Saturday, October 5, 2013

Hélène Fillières' TIED goes after the entitled rich, their sexual quirks and especially how they 'love'

For her first try at directing and adapting (from the novel by Régis Jauffret) a full-length feature, the oft-seen French actress Hélène Fillières (below) has chosen a subject -- the S&M affair between a call girl and one of the world's wealthiest bankers -- that fairly reeks with timeliness and schadenfreude. That Ms Fillières then turns her film into a genuine and deeply "felt" character study is surprise enough. That she does it so briskly (it lasts but 80 minutes), yet does not seem to stint on particulars, is even more impressive.

The original French title of the not-so-hot-but-plenty-obvious American moniker, TIED, was Une histoire d'amour (or simply A Love Story). This is obviously a lot more ironic, but it is also more truthful and less S&M-ey. Ms. Fillières has given the film a kind of backward movement that begins almost at the end, then returns us to the beginning and leads us, via short scenes that alternate between present and past until the two are brought together quite strikingly and beautifully at an airport. (The novel may have done this, too; I haven't read it.) If you are someone who has not watched movies over the past couple of decades, you might find yourself flummoxed by the sharp transitions and constant movement from past to present and back. For those of us who see a lot of films, however, Tied is a fine example of how to tell a story with near-immaculate economy and style.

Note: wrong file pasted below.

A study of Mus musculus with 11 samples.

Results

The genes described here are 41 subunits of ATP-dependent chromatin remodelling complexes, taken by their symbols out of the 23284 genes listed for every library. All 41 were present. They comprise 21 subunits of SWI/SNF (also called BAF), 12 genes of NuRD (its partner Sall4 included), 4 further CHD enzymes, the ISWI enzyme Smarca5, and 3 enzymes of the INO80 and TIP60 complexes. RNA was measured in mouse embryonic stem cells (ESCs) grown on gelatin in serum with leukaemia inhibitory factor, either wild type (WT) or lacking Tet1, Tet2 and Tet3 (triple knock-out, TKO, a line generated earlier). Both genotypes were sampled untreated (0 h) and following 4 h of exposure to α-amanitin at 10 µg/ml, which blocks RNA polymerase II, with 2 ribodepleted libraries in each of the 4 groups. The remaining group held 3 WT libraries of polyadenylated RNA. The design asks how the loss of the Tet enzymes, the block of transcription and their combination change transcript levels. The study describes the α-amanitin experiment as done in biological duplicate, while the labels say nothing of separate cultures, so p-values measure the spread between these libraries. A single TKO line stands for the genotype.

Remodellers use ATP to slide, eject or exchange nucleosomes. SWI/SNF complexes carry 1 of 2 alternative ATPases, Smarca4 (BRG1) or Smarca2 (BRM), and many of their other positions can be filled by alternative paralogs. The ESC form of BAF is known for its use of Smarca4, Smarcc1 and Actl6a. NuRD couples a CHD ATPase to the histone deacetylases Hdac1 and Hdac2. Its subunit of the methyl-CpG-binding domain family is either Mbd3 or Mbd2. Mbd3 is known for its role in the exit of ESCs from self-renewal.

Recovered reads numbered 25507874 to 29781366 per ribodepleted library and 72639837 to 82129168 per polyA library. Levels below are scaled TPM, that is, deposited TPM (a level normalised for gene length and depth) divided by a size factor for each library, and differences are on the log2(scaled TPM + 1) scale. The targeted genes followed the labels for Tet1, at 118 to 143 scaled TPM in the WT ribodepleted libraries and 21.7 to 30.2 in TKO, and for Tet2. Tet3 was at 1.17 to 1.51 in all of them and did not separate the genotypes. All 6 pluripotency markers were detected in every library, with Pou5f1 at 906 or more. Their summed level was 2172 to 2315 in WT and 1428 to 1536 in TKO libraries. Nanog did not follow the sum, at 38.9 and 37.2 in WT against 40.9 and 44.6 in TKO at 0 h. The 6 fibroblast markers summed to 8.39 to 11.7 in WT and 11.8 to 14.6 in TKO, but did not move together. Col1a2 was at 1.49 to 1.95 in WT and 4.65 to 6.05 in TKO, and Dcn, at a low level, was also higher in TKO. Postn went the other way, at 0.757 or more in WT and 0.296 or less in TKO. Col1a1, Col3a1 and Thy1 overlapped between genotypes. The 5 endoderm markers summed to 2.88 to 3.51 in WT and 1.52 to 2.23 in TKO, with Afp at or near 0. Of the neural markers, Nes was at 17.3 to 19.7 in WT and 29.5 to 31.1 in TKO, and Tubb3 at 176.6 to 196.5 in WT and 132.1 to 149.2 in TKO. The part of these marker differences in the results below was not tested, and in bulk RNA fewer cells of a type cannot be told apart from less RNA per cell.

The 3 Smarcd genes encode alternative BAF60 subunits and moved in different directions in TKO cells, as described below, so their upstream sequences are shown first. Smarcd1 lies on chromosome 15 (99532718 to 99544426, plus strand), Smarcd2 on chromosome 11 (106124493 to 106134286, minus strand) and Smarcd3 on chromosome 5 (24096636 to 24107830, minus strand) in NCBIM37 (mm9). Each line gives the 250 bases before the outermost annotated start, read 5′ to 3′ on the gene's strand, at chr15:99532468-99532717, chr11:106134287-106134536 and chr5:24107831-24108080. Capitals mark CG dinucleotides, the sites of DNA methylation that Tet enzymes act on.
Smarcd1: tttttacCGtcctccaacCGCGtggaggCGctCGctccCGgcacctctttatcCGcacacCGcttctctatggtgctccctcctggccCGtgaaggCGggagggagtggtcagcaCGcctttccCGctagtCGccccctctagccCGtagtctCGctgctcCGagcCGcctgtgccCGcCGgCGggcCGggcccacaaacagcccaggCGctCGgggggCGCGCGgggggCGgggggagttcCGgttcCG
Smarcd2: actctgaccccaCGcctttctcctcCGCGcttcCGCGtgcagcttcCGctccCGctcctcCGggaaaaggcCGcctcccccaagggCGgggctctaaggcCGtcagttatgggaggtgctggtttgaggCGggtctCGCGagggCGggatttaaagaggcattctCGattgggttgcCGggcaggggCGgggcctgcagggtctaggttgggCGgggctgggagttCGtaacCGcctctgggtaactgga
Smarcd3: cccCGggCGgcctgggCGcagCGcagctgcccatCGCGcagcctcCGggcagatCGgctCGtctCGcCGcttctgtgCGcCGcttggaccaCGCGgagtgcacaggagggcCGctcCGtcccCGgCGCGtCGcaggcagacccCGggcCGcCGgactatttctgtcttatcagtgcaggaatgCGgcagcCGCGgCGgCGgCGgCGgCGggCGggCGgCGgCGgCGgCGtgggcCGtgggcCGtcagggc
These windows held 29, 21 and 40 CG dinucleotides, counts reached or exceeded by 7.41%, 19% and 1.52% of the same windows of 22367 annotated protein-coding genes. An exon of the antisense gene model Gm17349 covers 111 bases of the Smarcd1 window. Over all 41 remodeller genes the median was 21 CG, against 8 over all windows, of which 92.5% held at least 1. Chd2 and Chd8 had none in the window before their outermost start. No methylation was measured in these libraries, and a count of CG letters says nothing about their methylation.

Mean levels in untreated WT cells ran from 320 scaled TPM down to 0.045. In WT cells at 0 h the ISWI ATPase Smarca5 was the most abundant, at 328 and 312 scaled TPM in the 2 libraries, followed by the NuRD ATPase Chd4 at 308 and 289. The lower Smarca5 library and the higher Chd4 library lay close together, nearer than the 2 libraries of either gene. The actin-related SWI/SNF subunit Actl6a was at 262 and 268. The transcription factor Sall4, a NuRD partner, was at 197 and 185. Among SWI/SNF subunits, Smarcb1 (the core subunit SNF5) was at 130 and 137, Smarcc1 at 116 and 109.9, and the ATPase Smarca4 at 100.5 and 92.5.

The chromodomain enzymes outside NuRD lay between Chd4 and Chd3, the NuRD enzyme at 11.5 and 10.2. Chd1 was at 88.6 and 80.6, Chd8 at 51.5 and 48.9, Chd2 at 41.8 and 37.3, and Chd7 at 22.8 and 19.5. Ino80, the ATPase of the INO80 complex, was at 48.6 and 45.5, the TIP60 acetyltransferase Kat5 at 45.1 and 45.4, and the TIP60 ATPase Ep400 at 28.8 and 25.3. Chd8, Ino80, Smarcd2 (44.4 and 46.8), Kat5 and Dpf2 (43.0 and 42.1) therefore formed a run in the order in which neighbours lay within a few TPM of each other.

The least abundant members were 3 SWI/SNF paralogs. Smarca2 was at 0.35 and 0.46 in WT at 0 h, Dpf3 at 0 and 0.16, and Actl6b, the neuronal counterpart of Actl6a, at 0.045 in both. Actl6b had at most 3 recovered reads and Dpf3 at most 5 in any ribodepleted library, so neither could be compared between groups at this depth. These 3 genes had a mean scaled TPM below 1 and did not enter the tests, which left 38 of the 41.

Tied is also quite psychologically astute. And -- wow -- is it well cast! The great and remarkably versatile Belgian actor Benoît Poelvoorde (above, right: see Coco Before Chanel, Romantics Anonymous, My Worst Nightmare and now this one for a taste of that versatility) plays the banker. He is superb at showing us the inability of this man, no matter how hard he tries, to connect with anything like real feeling for others. But, oh boy, does his narcissism and entitlement come through strong and clear. His need to be in the power position no matter what -- except when he engages in sex -- is fully exhibited. How he meets his new "girl" and immediately begins insulting her until she slaps him, and how the insults and slaps continue until it is clear what he wants and needs -- this is one amazing little scene that gives us "how this all began" without the usual (and in this case needless) exposition.

The role of the woman is played by an increasingly interesting actress, Laetitia Casta (Gainsbourg, War of the Buttons, Arbitrage), also versatile and quite beautiful. Ms Casta proves the perfect foil for the Poelvoorde's character: weak when he is strong but definitely in charge sexually. The past-to-present scenes that build the story also build her character until we understand and, in fact, know what she must do.

The "look" of the film is sleek and monied, as befits our wealthy banker, who has his own shooting range in his basement (above). The film has almost no subsidiary characters, save our heroine's combo friend/mentor/
maybe husband (the fine Richard Bohringer) who's got a nifty black cat on constant display; and a small but wonderful role, well played by Reda Kateb, as the man sitting in the girl's row on the airplane.

This airplane scene, which we see in tiny increments that build to something lovely and sad, is pivotal and so beautifully done -- showing us what might have been possible had her life taken a different direction.

Tied may seem like something not much different from what we've seen many times before. But I think it is. It's better than much else we've had on the subjects of the sexuality of the wealthy and the uses of S&M. It compares, interestingly enough, to one of the best S&M films ever: the great Mexican movie, Leap Year. There, the people and environs were as sadly lower-middle-class as those here are top-of-the-line. Yet both movies probe character and sexuality deeply, finally making us think and, yes, even care.

Unfortunately, Leap Year is no longer available to stream on Netflix, though you can rent the DVD. Tied -- distributed by IFC Midnight -- is available via streaming only, for now, but can be saved into your NF queue for the time, if and when, a DVD arrives.